Covid-19 has created the most turbulent situation in northern politics for a long time. Party loyalty, and the whole future of devolution is in the mix as the strain of the endless virus crisis takes its toll.
The turmoil has had its greatest expression in the tussle between Andy Burnham and Boris Johnson. The row over how much financial support for business was needed in a Greater Manchester Tier 3 regime came down to a £5m difference. The Mayor or the Prime Minister will one day face the blame for not bridging that tiny gap in the great scheme of things.
This row leaves opinion divided on the Mayor of Greater Manchester. According to a Downtown survey, he is the hero of most of our firms. Fighting the sub region’s corner, using local knowledge against central direction. This is what elected mayors and devolution were all about.
Except that it has exposed that when it comes to the crunch, Burnham does not have the power to defy central government. Ministers will now negotiate with any of the ten boroughs willing to get their hands on part of the £60m support package.
The Greater Manchester mayor is clearly not going to urge disobedience of the Tier 3 restrictions, but he is also the Police and Crime Commissioner. GMP were already facing a tricky job of enforcement of the regulations. It won’t be easy when a late night reveller tells a police officer that Andy Burnham doesn’t agree with all this.
Steve Rotheram was criticised by the hard left for earning the praise of Boris Johnson for doing a quick deal for the Liverpool City Region. He can live with attacks from some old Trots, but he has avoided the deep splits that have come in Greater Manchester.
This has been the most interesting division. I was in the Commons chamber when Hazel Grove Tory William Wragg launched a withering attack on Matt Hancock over his treatment of Greater Manchester. Afterwards we discussed if he was taking on the mantle of that historic thorn in Tory leaders’ side, Nick Winterton, the former MP for Macclesfield.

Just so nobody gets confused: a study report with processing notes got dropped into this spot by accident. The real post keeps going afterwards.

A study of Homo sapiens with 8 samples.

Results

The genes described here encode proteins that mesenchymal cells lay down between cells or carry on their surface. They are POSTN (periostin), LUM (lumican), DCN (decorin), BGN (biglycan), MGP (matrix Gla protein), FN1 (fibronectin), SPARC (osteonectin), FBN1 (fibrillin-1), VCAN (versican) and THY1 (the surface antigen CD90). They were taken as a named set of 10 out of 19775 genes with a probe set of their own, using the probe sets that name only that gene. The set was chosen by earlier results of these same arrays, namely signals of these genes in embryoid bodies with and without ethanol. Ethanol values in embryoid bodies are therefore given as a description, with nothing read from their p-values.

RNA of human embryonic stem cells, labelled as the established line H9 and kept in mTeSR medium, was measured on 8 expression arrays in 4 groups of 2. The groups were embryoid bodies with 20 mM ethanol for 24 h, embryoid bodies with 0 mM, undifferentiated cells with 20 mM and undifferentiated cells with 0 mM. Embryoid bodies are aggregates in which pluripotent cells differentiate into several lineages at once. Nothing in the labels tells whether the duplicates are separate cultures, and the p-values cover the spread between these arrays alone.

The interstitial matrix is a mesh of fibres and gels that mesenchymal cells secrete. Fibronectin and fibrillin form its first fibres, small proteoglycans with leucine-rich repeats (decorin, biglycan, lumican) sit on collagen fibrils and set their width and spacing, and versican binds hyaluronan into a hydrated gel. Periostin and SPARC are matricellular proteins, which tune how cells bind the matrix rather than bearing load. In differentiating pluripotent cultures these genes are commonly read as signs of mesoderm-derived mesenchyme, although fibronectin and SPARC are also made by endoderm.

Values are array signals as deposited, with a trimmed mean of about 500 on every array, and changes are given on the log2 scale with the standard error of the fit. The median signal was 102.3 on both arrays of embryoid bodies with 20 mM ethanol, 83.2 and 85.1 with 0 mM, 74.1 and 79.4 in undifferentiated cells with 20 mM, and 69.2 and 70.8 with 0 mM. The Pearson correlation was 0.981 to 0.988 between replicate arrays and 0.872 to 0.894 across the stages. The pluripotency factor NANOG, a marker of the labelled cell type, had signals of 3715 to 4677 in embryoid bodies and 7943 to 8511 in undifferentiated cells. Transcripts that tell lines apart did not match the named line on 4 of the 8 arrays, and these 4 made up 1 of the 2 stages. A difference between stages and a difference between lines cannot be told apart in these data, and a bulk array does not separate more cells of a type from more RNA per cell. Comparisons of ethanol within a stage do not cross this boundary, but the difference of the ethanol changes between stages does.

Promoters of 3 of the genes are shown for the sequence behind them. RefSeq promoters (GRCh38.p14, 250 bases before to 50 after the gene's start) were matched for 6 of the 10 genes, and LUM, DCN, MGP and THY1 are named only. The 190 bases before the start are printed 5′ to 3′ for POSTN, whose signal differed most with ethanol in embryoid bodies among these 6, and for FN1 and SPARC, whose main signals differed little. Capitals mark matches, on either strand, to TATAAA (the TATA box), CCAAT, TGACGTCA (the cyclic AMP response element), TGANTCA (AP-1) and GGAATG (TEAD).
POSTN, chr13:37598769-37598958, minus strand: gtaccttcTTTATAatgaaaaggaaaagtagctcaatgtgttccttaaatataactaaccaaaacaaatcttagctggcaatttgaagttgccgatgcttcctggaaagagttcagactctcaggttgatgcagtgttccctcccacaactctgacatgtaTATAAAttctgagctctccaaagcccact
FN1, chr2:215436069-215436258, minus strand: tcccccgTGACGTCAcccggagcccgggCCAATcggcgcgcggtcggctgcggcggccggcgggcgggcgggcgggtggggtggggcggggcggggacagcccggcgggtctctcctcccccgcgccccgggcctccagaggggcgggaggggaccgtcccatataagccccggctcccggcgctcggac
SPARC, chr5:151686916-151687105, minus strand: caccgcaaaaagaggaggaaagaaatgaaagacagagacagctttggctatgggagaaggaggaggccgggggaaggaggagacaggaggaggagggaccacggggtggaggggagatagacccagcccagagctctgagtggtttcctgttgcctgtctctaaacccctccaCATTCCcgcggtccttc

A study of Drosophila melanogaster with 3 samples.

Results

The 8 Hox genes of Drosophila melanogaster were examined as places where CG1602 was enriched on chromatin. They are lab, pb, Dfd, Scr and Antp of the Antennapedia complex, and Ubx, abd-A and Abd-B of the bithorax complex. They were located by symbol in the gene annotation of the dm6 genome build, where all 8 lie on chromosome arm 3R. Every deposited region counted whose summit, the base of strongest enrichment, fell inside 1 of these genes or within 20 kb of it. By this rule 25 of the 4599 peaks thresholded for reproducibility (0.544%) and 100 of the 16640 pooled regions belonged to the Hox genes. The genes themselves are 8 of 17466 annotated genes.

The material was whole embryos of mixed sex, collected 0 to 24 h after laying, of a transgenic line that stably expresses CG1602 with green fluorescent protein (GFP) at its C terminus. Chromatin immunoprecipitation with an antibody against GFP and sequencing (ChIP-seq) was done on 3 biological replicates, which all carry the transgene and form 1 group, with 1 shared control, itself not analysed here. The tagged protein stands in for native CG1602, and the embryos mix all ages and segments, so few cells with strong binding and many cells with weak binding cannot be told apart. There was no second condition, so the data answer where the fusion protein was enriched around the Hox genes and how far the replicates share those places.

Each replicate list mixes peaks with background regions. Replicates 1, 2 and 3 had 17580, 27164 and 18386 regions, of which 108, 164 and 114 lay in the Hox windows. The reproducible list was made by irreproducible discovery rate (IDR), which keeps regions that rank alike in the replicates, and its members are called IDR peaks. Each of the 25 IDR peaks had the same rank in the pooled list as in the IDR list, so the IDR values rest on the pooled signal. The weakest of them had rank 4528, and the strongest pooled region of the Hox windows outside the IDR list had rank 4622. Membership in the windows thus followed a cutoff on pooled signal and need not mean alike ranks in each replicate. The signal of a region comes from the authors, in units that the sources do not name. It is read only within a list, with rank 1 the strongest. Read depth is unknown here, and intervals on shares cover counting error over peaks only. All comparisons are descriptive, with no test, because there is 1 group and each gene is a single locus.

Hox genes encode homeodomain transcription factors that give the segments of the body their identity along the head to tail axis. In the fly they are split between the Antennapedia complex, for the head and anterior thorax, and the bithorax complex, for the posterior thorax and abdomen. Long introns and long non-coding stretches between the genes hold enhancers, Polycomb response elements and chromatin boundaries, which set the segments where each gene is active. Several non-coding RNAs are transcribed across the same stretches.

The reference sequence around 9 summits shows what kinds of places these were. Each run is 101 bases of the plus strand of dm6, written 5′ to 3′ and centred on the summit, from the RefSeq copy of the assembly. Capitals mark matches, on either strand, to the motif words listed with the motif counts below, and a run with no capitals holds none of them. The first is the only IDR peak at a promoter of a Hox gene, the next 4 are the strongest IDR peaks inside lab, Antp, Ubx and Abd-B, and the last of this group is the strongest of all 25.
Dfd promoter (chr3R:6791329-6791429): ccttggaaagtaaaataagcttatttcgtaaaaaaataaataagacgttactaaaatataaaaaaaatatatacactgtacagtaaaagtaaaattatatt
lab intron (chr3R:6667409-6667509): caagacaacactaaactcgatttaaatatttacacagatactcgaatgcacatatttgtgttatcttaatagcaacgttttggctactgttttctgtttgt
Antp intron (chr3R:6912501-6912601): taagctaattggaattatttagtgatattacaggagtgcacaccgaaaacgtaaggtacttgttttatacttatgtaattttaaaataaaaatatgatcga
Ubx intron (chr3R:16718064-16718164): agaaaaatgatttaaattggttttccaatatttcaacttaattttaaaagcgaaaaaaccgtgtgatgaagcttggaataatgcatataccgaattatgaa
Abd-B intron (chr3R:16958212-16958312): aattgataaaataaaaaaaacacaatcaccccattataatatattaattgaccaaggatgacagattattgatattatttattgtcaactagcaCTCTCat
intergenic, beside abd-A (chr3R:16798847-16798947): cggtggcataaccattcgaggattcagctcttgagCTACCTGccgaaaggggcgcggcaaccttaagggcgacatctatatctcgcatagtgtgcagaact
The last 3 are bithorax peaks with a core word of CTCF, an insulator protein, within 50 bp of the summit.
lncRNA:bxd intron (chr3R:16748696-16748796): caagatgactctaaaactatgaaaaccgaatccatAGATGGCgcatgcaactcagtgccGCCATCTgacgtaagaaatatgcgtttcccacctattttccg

Wragg is not alone. Sir Graham Brady (Altrincham) has used his senior position as chairman of Tory backbenchers, to demand more parliamentary say on the Covid regulations. Chris Green (Bolton West) has not only supported Andy Burnham but has angrily attacked southern Conservative MPs who criticised their opposition to Tier 3 being imposed on Greater Manchester.
The Red Wall may have collapsed at the General Election, but it has inspired many northern Tory MPs to fight hard for the north’s interests.
This has been formalised by Jake Berry (Rossendale) forming the Northern Research Group of MPs. That word “research” echoes the European Research Group of Brexit hardliners who gave Mrs May such grief.
LABOUR NOT EXEMPT.
While this Tory turmoil has been going on, let’s note that Sir Keir Starmer’s measured approach to opposition is producing critics.
Rebecca Long-Bailey (Salford) wasn’t in his Shadow team for long. Then last week four other North West Labour MPs resigned positions over a government bill authorising illegal acts in the pursuit of covert intelligence. Starmer ordered abstention but Margaret Greenwood (Wirral West), Dan Carden (Walton), Kim Johnson (Riverside) and Nav Mishra (Stockport) quit their posts in protest.
The events of the last few weeks have once again raised major questions for the North. What is the reality of devolution? What is the future for the Northern Powerhouse and when will the “levelling up” promise be delivered?